Law360 (May 11, 2023, 8:24 PM EDT) — An award-winning Canadian Broadway producer is appealing to the Second Circuit after a lower court tossed his suit alleging that the Actors’ Equity Association unlawfully blacklisted him following a labor dispute over a musical.
Garth Drabinsky filed a notice of appeal on Thursday in the New York federal court looking to overturn U.S. District Judge Lorna G. Schofield’s ruling last month granting Actors’ Equity Association’s motion to dismiss.
Further details about the appeal were not immediately available, but an attorney for Drabinsky, Richard A. Roth, told Law360 on Thursday he believes the appeal will succeed.
“The lower court made errors that we firmly believe the Second Circuit will reverse,” Roth said. “We look forward to moving forward to get this case back on the calendar and trial ready.”
The court found Drabinsky’s claims under federal antitrust law are blocked by an exemption for union activity and that claims for negligence, defamation and intentional tort are barred by state law precedent.
Drabinsky originally sued Actors’ Equity, which represents Broadway actors and stage managers, for defamation in October 2022. The suit sought $50 million in damages over allegations that the union engaged in “an intentional campaign of harassment and abuse” against Drabinsky stemming from a production of the 2022 musical “Paradise Square.”
The antitrust claims added last December accuse Actors’ Equity of blacklisting Drabinsky when it placed him on a “Do Not Work” list following complaints from the cast of “Paradise Square” that the producer created a hostile work environment and withheld wages.
Judge Schofield found that the union is exempt from the antitrust claims under long-standing U.S. Supreme Court precedent that allows union members to collectively withhold their labor from a particular employer, even when the action is driven by a previous labor dispute.
Drabinsky had argued that Actors’ Equity wasn’t exempt since several other groups, including the American Guild of Musical Artists, American Guild of Variety Artists, Guild of Italian American Actors and SAG-AFTRA, also allegedly took part in the boycott.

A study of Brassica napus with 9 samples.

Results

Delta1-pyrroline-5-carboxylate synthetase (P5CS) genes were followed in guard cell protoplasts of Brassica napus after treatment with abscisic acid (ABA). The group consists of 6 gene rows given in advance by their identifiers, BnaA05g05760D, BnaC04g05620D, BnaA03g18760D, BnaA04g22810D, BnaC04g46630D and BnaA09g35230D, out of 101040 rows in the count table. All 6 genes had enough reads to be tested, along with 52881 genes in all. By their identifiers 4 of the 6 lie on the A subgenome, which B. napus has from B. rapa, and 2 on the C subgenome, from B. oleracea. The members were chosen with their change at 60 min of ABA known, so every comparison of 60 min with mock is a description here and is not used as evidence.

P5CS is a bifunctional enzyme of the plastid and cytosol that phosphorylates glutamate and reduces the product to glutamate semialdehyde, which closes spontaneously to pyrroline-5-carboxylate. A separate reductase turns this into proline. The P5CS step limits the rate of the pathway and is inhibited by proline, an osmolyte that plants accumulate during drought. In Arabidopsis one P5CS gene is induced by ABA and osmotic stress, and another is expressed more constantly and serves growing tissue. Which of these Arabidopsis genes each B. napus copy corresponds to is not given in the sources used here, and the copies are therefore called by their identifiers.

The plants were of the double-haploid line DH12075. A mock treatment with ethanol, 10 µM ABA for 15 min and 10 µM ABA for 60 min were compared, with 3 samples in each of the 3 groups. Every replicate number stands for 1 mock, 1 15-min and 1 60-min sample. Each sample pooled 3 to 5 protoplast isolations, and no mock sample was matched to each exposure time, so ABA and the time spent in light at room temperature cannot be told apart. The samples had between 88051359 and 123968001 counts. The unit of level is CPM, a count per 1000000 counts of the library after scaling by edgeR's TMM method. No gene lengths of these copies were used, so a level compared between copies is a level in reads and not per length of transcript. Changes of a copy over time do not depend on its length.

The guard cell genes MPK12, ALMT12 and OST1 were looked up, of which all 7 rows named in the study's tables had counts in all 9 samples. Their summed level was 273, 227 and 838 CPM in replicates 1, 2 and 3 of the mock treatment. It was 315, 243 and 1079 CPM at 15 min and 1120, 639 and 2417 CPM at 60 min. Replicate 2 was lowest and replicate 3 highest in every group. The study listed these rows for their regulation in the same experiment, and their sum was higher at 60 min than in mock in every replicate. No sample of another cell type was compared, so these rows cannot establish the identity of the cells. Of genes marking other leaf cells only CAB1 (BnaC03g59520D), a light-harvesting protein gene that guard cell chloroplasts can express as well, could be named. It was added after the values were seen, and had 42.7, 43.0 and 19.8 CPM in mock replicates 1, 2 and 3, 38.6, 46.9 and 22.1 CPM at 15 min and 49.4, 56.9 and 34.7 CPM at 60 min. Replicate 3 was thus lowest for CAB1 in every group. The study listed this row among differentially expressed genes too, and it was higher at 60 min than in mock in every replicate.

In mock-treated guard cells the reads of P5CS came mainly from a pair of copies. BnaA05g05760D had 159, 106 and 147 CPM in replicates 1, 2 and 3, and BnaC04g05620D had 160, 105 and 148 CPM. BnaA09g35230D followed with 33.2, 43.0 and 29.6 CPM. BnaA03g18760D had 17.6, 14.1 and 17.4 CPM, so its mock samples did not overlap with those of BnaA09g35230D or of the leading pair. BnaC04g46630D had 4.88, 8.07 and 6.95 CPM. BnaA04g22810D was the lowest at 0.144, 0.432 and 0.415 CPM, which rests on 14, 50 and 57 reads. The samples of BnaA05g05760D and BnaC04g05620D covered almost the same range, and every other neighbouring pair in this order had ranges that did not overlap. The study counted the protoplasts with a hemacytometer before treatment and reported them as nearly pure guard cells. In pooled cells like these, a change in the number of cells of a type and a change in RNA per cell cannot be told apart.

But Judge Schofield said the other groups’ participation would also be covered by the labor exemption since their members can compete against the members of Actors’ Equity for roles as actors and positions as stage managers in the entertainment industry.
Judge Schofield tossed Drabinsky’s negligence, defamation and intentional tort allegations under a 1951 ruling by the New York Court of Appeals in Martin v. Curran . In that case, the court found claims against unincorporated associations could proceed only “where the individual liability of every single member can be alleged and proven.”
The judge said Drabinsky cannot show that every member of Actors’ Equity had a part in his placement on the “Do Not Work” list.
A representative for Actors’ Equity declined to comment on Thursday.
Drabinsky is represented by Richard A. Roth of The Roth Law Firm PLLC and Joshua D. Wright and Derek W. Moore of Lodestar Law & Economics PLLC.
Actors’ Equity Association is represented by Susan Davis, Evan Hudson-Plush and Olivia R. Singer of Cohen Weiss & Simon LLP, and Jeffrey L. Kessler, David L. Greenspan and Sarah L. Viebrock of Winston & Strawn LLP.
The case is Drabinsky v. Actors’ Equity Association, case number 1:22-cv-08933, in the U.S. District Court for the Southern District of New York.
–Additional reporting by Beverly Banks and Piper Hudspeth Blackburn. Editing by Kristen Becker.
Update: This story has been updated with a comment from Richard Roth.